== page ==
Resonant Inc. (NASDAQ: RESN), a leader in transforming the way radio frequency, or RF, front-ends are being designed and delivered for wireless devices, today released more details about its breakthrough resonator technology that holds the potential for a new class of high-performance RF filters for 5G devices.
The new discovery is important because resonators form the building blocks for RF filters and define much of the performance achievable in a filter. Resonant’s XBAR is a new bulk acoustic wave (BAW) structure that can be produced in silicon using standard processes. Simulated utilizing the company’s ISN platform, we believe XBAR outperforms best-in-class film bulk acoustic resonator (FBAR) devices in frequencies above 3 GHz. 5G wireless services for mobile devices are expected to operate in this higher frequency range to support high-bandwidth data applications. Today’s filter technologies (surface acoustic wave (SAW), temperature compensated SAW (TC-SAW), BAW and FBAR) have operating limitations at frequencies higher than 3 GHz.
Key performance metrics demonstrated in initial XBAR resonators:
- Extremely large coupling coefficients, greater than 500 MHz at 5 GHz
- Essential for the design of large bandwidth 5G filters
- High Q resonances, greater than 500, as high as 31 GHz
“5G technology holds the promise of brand new consumer and business services, but the requirements for filters to support high frequency, high power and high bandwidth are quite different from those of 4G. Performance of these new services will be hampered without the right filter technology that allows mobile devices to isolate the high-frequency signals,” said Bob Hammond, Chief Technology Officer of Resonant. “With XBAR BAW resonators, we are on a path to providing an alternative filter technology that will facilitate high-performance services for mobile devices.”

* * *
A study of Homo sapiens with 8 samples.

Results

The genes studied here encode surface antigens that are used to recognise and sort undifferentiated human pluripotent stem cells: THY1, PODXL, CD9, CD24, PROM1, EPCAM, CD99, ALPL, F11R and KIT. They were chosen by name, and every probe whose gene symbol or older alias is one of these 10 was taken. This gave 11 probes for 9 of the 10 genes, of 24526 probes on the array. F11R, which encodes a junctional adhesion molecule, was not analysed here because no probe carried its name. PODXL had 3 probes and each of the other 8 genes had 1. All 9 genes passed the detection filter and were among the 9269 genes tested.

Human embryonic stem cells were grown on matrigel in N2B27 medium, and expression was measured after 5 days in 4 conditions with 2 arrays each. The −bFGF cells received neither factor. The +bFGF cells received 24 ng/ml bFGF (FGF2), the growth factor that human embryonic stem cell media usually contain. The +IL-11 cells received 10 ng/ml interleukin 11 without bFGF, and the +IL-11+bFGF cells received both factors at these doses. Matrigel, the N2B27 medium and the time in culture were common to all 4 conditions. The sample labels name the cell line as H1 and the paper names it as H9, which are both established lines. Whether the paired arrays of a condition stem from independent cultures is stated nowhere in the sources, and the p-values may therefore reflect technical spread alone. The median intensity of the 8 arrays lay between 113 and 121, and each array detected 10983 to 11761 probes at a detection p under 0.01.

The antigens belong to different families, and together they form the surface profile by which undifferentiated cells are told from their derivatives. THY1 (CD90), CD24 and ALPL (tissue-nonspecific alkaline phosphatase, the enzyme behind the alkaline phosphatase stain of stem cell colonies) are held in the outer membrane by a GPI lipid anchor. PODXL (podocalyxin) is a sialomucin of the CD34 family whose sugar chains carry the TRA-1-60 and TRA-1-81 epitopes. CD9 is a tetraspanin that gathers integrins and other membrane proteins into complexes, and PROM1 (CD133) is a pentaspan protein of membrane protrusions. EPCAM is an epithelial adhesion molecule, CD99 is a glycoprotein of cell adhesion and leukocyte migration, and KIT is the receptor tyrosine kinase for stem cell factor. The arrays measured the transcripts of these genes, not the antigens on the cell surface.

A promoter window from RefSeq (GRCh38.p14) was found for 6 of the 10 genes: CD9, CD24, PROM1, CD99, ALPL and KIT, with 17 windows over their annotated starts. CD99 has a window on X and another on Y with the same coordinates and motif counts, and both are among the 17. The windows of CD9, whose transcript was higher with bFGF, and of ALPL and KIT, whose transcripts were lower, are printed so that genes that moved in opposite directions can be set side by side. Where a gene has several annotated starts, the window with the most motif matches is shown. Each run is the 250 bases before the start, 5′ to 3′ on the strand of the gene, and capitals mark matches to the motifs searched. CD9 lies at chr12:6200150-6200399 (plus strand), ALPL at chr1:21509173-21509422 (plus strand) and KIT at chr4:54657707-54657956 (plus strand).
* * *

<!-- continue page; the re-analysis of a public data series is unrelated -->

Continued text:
Developed with Infinite Synthesized Network®
Resonant developed the new resonator using its Infinite Synthesized Network® (ISN®) design technology, which today provides industry leading filter manufacturers and fabless companies with the ability to design complex filters, duplexers and quadplexers.
“Utilizing Resonant’s ISN tool’s accuracy for modeling acoustic wave structures allowed Resonant technologists to investigate alternatives to current mobile resonator structures and compare their performance,” said George Holmes, Chief Executive Officer of Resonant, “It is through the continued development of our ISN roadmap that we have been able to complete the investigation and develop and patent the XBAR technology.”
Resonant has measured the performance of XBAR resonators up to 38 GHz. The simulated performance accurately models the measured data, indicating that XBAR technology could be used to develop filters for devices used in 5G, both in the 3 to 6 GHz range as well as millimeter wave operating at 28 GHz and higher frequencies.
If successful, XBAR should provide for filter designs for 5G bands with better insertion loss, better rejection levels, higher power handling and wider passbands than currently available filters.